It’s ironic that the color green is synonymous with a team called the Boston Red Sox, but it is Fenway Park’s predominant hue.
From the perfectly manicured grass to the towering left-field wall known as the Monster and the matching seats in the bleachers, Major League Baseball’s oldest ballpark is defined by verdant tones.
But when the ballpark is empty, a lone red seat in the bleachers gleams like a ruby among emeralds.
In row 37 of section 42, seat no. 21 stands (or rather, sits) apart in hue to commemorate the longest home run ever hit at Fenway, by the greatest hitter in franchise history. On June 9, 1946, Ted Williams hit a home run, a common occurrence for the star who’d finish his career with 521 of them. But this one was different. It soared into the right-field bleachers and caromed off Joe Boucher’s straw hat, leaving a hole to mark the distance traveled: 502 feet.
Or did it?
Count David Ortiz among the skeptics.
As part of last week’s annual Globe Summit, Ortiz sat down with Boston Globe CEO Linda Henry (who is also Red Sox principal owner John Henry’s wife) for a conversation at Fenway Park. For whatever reason, the conversation turned to the red seat, visible in the distance:
"“That seat is a joke,” said Ortiz, who kept looking over his shoulder to look at the spot with disbelief. “There is no chance in hell a human being can hit that red seat.”Ortiz noted that it was a big deal when he hit Bobby Doerr’s retired No. 1 sign on the right-field façade during batting practice, yet Williams’s seat is about 25 rows behind that.“Bottom line, man, if you don’t show me a video, I will not believe it.”"
Apparently, the gaping hole in Boucher’s hat isn’t proof enough for Big Papi.
It’s not the first time Ortiz has questioned the red seat’s legitimacy, saying it would’ve taken “a hurricane” amount of wind to help Williams hit the ball that far. In fact, meteorological records attest to the fact that it was a very windy day.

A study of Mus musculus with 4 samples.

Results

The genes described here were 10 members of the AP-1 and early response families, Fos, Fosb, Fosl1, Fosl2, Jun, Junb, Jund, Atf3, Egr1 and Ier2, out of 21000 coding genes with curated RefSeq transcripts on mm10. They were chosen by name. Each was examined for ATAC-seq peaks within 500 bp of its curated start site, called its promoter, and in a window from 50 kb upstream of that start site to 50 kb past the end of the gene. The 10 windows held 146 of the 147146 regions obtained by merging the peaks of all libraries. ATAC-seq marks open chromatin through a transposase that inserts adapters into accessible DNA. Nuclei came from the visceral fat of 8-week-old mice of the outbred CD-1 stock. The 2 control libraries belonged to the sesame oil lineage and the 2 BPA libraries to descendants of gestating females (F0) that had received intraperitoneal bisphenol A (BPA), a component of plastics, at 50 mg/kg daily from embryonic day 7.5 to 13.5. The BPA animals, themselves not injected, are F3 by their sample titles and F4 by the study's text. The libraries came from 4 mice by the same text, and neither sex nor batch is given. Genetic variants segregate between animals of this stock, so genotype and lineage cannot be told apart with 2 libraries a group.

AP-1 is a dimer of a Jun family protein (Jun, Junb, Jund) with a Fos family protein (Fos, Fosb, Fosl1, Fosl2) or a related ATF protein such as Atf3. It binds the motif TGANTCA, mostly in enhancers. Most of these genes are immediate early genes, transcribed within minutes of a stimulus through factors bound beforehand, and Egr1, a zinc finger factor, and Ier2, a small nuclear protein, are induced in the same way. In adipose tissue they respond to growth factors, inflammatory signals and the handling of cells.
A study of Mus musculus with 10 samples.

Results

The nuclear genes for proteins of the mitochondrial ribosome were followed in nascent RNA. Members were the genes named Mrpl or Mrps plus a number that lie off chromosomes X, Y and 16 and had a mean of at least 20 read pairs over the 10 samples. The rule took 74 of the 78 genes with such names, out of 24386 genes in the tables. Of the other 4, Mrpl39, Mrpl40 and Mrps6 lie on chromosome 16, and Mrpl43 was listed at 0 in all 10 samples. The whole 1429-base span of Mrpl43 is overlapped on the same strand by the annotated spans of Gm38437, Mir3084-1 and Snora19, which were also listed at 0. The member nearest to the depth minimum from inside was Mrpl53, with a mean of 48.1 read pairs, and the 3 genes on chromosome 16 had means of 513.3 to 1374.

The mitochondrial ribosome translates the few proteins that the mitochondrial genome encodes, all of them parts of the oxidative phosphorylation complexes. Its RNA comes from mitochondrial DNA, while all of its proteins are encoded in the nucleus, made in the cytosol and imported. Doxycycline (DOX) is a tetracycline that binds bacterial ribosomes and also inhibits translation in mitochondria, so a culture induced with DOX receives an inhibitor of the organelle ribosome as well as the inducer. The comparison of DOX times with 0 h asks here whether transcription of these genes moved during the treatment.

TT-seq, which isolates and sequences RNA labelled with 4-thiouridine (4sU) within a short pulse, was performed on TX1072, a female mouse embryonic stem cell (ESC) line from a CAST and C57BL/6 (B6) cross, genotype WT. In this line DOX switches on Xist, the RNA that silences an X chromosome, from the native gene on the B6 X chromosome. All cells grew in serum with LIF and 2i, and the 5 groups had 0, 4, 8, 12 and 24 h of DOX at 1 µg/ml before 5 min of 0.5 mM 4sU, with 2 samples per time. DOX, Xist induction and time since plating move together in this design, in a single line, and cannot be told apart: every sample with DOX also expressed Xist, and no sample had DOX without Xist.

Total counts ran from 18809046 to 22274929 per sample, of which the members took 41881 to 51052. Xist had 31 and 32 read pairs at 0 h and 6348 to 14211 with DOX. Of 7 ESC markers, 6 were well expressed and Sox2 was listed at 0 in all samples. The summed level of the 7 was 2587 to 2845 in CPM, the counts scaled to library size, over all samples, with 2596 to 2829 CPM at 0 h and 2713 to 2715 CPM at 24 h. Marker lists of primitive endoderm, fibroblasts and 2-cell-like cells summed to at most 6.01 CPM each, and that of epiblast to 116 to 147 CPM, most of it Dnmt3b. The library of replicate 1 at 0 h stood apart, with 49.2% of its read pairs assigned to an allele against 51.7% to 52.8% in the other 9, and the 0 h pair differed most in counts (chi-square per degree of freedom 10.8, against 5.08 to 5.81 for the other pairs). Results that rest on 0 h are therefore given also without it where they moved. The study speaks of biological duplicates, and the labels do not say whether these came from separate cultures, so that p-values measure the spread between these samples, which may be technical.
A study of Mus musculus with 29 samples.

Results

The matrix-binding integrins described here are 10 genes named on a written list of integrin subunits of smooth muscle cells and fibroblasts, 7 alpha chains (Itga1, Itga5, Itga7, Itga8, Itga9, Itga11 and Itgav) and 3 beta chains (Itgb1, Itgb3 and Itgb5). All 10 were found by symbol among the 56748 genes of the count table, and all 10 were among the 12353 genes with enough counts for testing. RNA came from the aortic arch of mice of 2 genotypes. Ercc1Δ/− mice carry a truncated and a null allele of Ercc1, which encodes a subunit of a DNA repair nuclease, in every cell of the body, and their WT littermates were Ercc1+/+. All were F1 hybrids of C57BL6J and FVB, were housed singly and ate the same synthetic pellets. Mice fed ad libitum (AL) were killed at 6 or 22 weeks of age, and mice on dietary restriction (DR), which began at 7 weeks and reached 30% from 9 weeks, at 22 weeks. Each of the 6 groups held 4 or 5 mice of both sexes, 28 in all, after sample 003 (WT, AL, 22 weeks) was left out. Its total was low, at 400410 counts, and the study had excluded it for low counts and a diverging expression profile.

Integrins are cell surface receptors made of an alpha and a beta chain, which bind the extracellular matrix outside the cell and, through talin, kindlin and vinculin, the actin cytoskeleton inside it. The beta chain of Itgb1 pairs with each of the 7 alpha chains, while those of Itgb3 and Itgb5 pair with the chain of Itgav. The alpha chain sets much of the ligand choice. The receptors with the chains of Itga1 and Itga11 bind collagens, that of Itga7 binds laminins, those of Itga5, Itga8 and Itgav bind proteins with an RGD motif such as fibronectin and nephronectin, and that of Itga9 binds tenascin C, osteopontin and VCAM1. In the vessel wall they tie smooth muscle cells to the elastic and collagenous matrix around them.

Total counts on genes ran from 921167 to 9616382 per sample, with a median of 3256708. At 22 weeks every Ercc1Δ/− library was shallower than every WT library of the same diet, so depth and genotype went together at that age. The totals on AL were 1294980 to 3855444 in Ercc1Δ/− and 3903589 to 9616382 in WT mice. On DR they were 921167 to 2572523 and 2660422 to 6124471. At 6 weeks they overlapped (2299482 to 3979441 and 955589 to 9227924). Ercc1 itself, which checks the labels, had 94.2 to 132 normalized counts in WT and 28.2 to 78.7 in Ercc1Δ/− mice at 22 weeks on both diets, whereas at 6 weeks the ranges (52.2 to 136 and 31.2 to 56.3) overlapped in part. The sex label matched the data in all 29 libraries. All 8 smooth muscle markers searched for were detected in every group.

The question is, why does this keep getting brought up? If there’s no way to prove or disprove the legend, what’s the point of rehashing it and chipping away at the story?
In the ‘Greatest Red Sox hitter’ debate, Ortiz has given Williams a run for his money more than any other franchise great. He certainly owns the title if you tack on ‘in postseason history’ at the end. In terms of honors, Ortiz has matched Williams several times. Since wrapping up his playing career in 2016, Big Papi’s 34 has joined Teddy Ballgame’s 9 on the right-field facade. They each put themselves on the map in Boston, literally: the Ted Williams Tunnel opened in December 1995. In a pregame ceremony before his final regular-season game, the Sox announced that the Brookline Avenue bridge over the Mass Pike and the street that connects the ballpark to the commuter rail station would bear Ortiz’s name. They’re both in the organization’s Hall of Fame and as of this summer, the Baseball Hall of Fame.
In other words, the repeated comments sound a bit jealous, especially coming from a guy with three World Series rings to Williams’ none.
Maybe it’s time to give the red seat a rest.